Open house events, online advertising campaigns and social media marketing are all popular ways to attract new patients. But there’s another, less obvious (but equally effective) way to promote your business every day — at no extra cost to you: via your employees.
Whether through networking events, social media posts or chance encounters, your employees may be your practice’s first point of contact with members of your community. Therefore, they are an extension of your publicity efforts and can contribute to your practice growth even when they are away from the office. This is why, when hiring, you should consider not only the candidates’ tangible skills, but also their talent for recruiting and driving business. This also highlights the importance of staff orientation and training.
Following are strategies that can be utilized by practice managers to help staff members understand their role in bolstering the practice's image and encourage employees to drive new business to your front door, even when they’re off the clock.
Many relationships—both personal and professional—are created and nurtured through social media. No doubt, your practice has an online presence. But your employees can further boost your business by broadcasting companywide or individual accomplishments from their own personal profiles. This can be as simple as sharing a blog post that you or another employee wrote, or letting their circle of friends and associates know about your practice’s services, events, and awards.
Employees who are pleased with their on-the-job roles and proud of their contributions are most likely to show off the practice’s accomplishments through their social media pages. Encourage social media bragging by regularly recognizing and applauding the performance of all staff members. A fulfilled employee is an employee who wants to share your achievements.
The Business Card is Timeless
Technology may have taken over many aspects of your practice, but one time-honored tradition remains: exchanging business cards. Encourage your staff to always keep a few cards handy. Any chance interaction outside of the workplace can quickly shift into a professional conversation, and a casual swap of business cards on Saturday night may result in a new patient Monday morning.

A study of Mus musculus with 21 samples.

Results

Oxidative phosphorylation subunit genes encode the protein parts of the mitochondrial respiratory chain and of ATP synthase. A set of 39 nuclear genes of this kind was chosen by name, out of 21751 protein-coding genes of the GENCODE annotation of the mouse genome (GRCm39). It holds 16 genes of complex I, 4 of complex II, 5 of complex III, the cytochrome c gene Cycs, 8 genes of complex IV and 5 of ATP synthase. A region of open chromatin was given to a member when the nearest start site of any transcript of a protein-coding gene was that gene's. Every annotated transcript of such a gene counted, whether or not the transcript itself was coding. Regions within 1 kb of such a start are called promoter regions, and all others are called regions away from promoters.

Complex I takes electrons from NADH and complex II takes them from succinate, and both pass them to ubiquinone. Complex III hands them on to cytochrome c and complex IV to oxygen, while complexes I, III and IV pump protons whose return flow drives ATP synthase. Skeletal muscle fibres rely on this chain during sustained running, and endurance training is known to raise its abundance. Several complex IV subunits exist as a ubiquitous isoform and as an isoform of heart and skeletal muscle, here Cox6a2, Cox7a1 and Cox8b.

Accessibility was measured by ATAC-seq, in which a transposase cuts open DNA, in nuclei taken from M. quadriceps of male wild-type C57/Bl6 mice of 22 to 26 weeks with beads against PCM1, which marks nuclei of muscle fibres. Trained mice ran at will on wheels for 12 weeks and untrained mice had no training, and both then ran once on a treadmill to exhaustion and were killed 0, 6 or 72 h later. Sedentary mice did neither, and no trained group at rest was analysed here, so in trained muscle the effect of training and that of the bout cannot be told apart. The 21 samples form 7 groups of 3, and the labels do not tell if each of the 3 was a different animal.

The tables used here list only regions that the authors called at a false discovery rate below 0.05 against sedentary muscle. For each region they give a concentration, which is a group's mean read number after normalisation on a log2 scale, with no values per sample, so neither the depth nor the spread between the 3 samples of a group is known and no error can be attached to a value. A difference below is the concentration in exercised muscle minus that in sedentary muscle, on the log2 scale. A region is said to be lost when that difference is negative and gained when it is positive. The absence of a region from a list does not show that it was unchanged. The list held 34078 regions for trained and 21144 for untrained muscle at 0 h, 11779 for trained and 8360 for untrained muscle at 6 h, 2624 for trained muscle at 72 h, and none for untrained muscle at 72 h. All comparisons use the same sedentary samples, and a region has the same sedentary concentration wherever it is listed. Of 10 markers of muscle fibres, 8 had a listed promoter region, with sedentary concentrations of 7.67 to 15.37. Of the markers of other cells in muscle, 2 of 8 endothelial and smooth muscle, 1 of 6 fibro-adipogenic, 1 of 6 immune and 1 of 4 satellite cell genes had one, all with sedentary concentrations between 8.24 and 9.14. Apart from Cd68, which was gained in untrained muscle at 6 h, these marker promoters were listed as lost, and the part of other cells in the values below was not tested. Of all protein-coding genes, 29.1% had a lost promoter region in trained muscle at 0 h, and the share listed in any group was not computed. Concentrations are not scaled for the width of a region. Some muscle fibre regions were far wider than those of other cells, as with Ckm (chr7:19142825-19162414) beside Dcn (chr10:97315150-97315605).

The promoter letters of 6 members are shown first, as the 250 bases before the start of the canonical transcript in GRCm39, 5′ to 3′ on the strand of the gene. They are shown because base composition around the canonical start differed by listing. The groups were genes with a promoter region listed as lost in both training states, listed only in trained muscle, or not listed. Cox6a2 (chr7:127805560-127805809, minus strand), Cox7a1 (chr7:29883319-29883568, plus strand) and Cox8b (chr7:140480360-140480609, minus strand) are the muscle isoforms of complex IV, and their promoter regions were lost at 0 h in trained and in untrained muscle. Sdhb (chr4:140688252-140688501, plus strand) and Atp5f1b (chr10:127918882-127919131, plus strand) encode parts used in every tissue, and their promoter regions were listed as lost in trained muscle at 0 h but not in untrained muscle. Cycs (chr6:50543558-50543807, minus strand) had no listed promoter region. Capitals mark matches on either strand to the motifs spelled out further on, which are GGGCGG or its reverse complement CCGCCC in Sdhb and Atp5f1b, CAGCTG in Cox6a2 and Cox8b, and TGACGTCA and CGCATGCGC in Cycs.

Working the Crowd
Medical aesthetic practices often send staff members to medical conferences, local trade shows or training events. Whether your employee is working a booth on behalf of your practice or attending a course to improve her skills, she should understand the value of simple, conversational engagement. A ready smile and a friendly greeting can bring visitors to your booth and create a positive feeling among passers-by. You can help your shy employees by encouraging them to make eye contact with passers-by and introduce themselves to those seated nearby at educational events.
If an employee is representing your practice, it is also helpful to have a brief mission statement or “elevator pitch” to share with the employee, so she can succinctly introduce your practice and its unique offerings.
Email Etiquette Has No Day Off
With the culture of connectedness that was ushered in by the widespread adoption of laptops, tablets and smartphones, your employees are now within reach 24/7.
When sending work-related emails or text correspondence while away from the office, your staff should be aware that in-house etiquette still applies. Improper email decorum—including casual text-speak—is an immediate strike against your credibility, so instill in your workforce the importance of proper electronic communication.
This may include using professional salutations at the beginning of all correspondence, such as “Dear Mr./Ms.” or “Hello Mr./Ms.,” keeping an eye on spelling and grammar, and including a signature with your full name and contact information.
Your products and services are only as good as the people you have onboard to deliver and promote them. When employees realize their value in your operation’s success and the role they play in actively promoting your practice, they become more cognizant of their actions when they leave the workplace. In this way, they become an extension of your publicity efforts and contribute to your practice growth even when they are away from the office.
Russell Trahan is the president of PR/PR, a boutique public relations agency specializing in positioning clients in front of their target audience in print and online. Contact Russell at www.prpr.net or firstname.lastname@example.org.